The Washington Post is reporting that the National Rifle Association “has made a stunning declaration in a new tax filing: Current and former executives used the nonprofit group’s money for personal benefit and enrichment.”
The story broke Wednesday, with the lead paragraph asserting the organization had denied allegations of lax financial oversight for years.
According to the Post report, longtime NRA Executive Vice President Wayne LaPierre and “five former officials” received what were described as “excess benefits.” The newspaper said this is a term the IRS uses “when officials have enriched themselves at the expense of a nonprofit entity.”
LaPierre reported reimbursed NRA “nearly $300,000 in travel expenses covering 2015 to 2019,” the story noted, citing the updated tax filing.
This past August, New York Attorney General Letitia James filed a lawsuit seeking dissolution of the NRA and removal of LaPierre as its EVP. She wanted LaPierre, general counsel John Frazer, former treasurer Wilson “Woody” Phillips and former chief-of-staff Josh Powell to be prohibited from ever again serving in any leadership position for a “New York charity,” a separate Post story noted.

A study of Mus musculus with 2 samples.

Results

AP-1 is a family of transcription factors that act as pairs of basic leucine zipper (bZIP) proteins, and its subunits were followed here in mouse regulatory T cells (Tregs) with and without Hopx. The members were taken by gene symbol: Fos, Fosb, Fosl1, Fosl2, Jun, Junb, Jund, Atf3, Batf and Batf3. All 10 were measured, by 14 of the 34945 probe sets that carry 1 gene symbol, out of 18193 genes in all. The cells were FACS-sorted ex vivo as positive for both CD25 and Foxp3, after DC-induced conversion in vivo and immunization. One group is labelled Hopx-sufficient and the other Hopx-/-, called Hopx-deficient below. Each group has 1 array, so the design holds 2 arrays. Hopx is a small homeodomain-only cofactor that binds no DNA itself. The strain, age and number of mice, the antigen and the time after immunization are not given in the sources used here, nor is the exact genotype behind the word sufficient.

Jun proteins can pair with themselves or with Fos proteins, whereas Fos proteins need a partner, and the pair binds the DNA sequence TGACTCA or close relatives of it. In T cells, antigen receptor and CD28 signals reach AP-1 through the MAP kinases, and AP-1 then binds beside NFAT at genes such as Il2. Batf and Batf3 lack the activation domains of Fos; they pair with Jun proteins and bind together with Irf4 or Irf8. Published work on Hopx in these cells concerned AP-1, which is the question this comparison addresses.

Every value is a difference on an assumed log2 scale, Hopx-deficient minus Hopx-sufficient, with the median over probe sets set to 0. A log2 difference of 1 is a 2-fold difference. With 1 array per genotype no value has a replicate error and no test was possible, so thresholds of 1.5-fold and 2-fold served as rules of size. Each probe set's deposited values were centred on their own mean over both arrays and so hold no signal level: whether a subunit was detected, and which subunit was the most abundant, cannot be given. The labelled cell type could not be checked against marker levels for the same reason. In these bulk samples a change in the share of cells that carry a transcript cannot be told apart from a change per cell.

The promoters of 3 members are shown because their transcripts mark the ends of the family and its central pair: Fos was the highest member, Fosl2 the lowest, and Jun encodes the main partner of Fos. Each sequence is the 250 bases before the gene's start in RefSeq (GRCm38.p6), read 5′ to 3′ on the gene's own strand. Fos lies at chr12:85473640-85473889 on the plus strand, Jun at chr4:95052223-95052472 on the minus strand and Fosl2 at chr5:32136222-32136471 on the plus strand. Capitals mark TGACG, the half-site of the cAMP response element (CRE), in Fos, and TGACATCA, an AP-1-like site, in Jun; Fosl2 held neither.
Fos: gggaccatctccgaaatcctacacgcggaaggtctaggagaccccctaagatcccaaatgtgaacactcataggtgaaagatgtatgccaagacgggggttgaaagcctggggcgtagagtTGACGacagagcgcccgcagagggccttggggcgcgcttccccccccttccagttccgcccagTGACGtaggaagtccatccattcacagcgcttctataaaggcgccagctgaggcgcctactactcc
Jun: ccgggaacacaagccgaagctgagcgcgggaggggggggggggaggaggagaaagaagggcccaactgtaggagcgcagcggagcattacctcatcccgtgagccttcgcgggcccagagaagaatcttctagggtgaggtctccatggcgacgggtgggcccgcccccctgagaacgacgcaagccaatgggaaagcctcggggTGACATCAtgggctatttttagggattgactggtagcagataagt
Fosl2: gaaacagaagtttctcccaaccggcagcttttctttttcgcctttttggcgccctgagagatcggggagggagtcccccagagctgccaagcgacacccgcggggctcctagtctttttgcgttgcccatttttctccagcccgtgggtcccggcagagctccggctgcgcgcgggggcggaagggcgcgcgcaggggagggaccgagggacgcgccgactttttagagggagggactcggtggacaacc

As reported earlier this month by AmmoLand, an online news and views publication covering all things gun-related, the NRA has settled acclaim by the New York Department of Financial Services that it violated the state’s insurance laws when it solicited and marketed the “Carry Guard” program. That settlement, for $2.5 million, did not get the NRA out of James’ legal line of fire, however.
Under terms of that agreement, NRA will not market insurance programs for the next five years in New York state.
According to the Washington Post story, the updated tax documents “portray an organization trimming costs and struggling as membership dues and other revenue declined even before the coronavirus pandemic curbed charitable fundraising nationwide.”
It’s the fourth consecutive year in which NRA “has reported spending more than it took in,” the story said.
The NRA has been under fire since spring of 2019 when, in the week leading up to the organization’s annual convention in Indianapolis, there was an alleged “coup attempt” to get LaPierre to resign. But instead of LaPierre leaving, then-President Lt. Col. Oliver North (USMC-ret.) stepped down.
While NRA was dealing with internal problems and external ones including an investigation of the organization by James—made possible because the NRA is incorporated in New York—other gun rights organizations have assumed higher profile roles in the fight to protect Second Amendment rights.
However, the NRA remains the proverbial “800-pound gorilla” when it comes to politics and lobbying efforts. For decades, NRA has been one of the most formidable lobbying organizations in the country, affecting both national and state-level political races and legislative gun control efforts.
The organization spent millions in 2016 in the effort to get Donald Trump elected president, but this year appears to have been outspent by anti-gun billionaire Michael Bloomberg, who dumped millions of dollars into efforts to flip the White House and U.S. Senate.